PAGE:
Time for some serendipity. I sat down with Rurik Bradbury of Unison to talk about its unified messaging solutions for Windows and Linux, and ended up with a strong hint as to how the commercial application space for Linux might get a boost.
First, Unison. It's essentially a very elegant-looking Exchange killer that uses Linux as a server and runs on both Windows and Linux for the client. The client strongly resembles Outlook, so most folks familiar with that program can dive in and get going with little retaining. Aside from e-mail, Unison also does voice calls, instant messaging, calendaring, directory services, and a bunch of other things you used to need separate servers for. All of the protocols used are open standards: LDAP, IMAP, SIP, and so on. The client/server combo is free (as in beer, that is) for up to ten users.
Now comes the interesting part: it's working on a version for Ubuntu which will be distributed -- both the client and the server components -- via Ubuntu's own app repositories. Granted, it's being kept separate from the pure FOSS apps since it's not FOSS itself, but that's precisely what makes this particular item so intriguing. Rurik also hinted that a whole slew of different proprietary apps are to be added to the repositories shortly. He couldn't name names since he's under NDA, but the mere fact that this is happening is an eye-opener.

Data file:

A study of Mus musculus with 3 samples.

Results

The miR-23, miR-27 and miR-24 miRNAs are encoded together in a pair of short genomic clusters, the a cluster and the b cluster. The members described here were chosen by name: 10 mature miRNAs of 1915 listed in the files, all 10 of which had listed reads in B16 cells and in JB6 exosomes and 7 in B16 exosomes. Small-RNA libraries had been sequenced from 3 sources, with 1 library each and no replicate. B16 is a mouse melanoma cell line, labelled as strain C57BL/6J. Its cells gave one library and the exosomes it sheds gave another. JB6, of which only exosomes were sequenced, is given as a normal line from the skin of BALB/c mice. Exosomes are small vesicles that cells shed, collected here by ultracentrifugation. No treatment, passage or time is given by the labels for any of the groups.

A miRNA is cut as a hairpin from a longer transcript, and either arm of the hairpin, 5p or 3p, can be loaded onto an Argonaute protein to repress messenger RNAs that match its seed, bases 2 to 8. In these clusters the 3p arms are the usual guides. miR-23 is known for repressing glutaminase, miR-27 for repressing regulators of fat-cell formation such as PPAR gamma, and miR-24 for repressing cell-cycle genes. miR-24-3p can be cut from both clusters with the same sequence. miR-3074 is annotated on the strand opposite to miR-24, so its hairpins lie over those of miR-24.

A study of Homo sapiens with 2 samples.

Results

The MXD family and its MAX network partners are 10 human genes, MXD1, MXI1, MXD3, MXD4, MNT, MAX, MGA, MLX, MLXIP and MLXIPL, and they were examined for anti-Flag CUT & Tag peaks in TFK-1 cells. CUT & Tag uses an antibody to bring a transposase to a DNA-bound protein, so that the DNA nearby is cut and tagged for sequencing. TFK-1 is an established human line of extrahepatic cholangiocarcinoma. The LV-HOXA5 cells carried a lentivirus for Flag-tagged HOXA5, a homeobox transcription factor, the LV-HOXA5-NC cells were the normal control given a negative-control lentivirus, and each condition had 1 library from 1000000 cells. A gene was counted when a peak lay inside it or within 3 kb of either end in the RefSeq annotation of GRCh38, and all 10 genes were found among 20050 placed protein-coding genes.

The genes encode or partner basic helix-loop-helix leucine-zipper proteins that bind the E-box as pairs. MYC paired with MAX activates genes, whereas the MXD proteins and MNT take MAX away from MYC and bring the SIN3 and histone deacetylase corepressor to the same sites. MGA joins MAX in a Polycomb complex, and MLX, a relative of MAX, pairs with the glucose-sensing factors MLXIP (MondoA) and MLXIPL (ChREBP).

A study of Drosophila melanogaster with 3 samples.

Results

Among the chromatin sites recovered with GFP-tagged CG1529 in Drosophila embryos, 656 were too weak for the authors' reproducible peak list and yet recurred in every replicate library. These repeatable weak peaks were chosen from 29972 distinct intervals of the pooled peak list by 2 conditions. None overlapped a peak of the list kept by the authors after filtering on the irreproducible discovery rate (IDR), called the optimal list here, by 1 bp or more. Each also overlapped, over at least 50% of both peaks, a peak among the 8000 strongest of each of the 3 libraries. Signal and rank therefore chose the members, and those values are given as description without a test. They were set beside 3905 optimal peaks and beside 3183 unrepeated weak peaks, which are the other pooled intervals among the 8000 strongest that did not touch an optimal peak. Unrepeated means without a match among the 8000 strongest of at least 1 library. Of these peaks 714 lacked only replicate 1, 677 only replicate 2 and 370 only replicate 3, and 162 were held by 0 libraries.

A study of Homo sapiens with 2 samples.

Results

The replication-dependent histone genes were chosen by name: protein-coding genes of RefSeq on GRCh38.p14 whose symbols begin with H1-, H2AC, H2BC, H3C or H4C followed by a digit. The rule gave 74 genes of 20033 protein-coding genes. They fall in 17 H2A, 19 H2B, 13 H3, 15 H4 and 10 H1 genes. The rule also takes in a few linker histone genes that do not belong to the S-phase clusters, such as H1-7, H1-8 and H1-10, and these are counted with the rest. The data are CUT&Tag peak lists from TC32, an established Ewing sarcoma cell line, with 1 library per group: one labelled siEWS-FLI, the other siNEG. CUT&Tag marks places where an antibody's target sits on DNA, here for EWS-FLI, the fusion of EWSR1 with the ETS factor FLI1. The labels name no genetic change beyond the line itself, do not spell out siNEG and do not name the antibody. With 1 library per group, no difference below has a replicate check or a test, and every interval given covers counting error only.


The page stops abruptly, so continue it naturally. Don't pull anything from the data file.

This to me has been one of the biggest hurdles for Linux: how to deliver commercial-grade software elegantly. Using the software repositories is one of the first things people learn when they sit down with a given distribution. If said commercial apps are segregated into their own non-free repository and delivered with the blessings of the manufacturer, it becomes a snap to get them up and running.
What's not as clear is whether or not this will be a way to deliver for-pay commercial applications as well -- or, rather, whether or not people will avail themselves of a technique like this to do so. This is assuming, of course, that full-blown for-pay applications find traction on Linux desktops, as opposed to FOSS apps with support for sale.
I almost feel bad for talking about this issue at the expense of discussing Unison as a product. Give it a whirl and see what you think. Me, I'm also going to be keeping an ear peeled for future app distribution developments of this variety.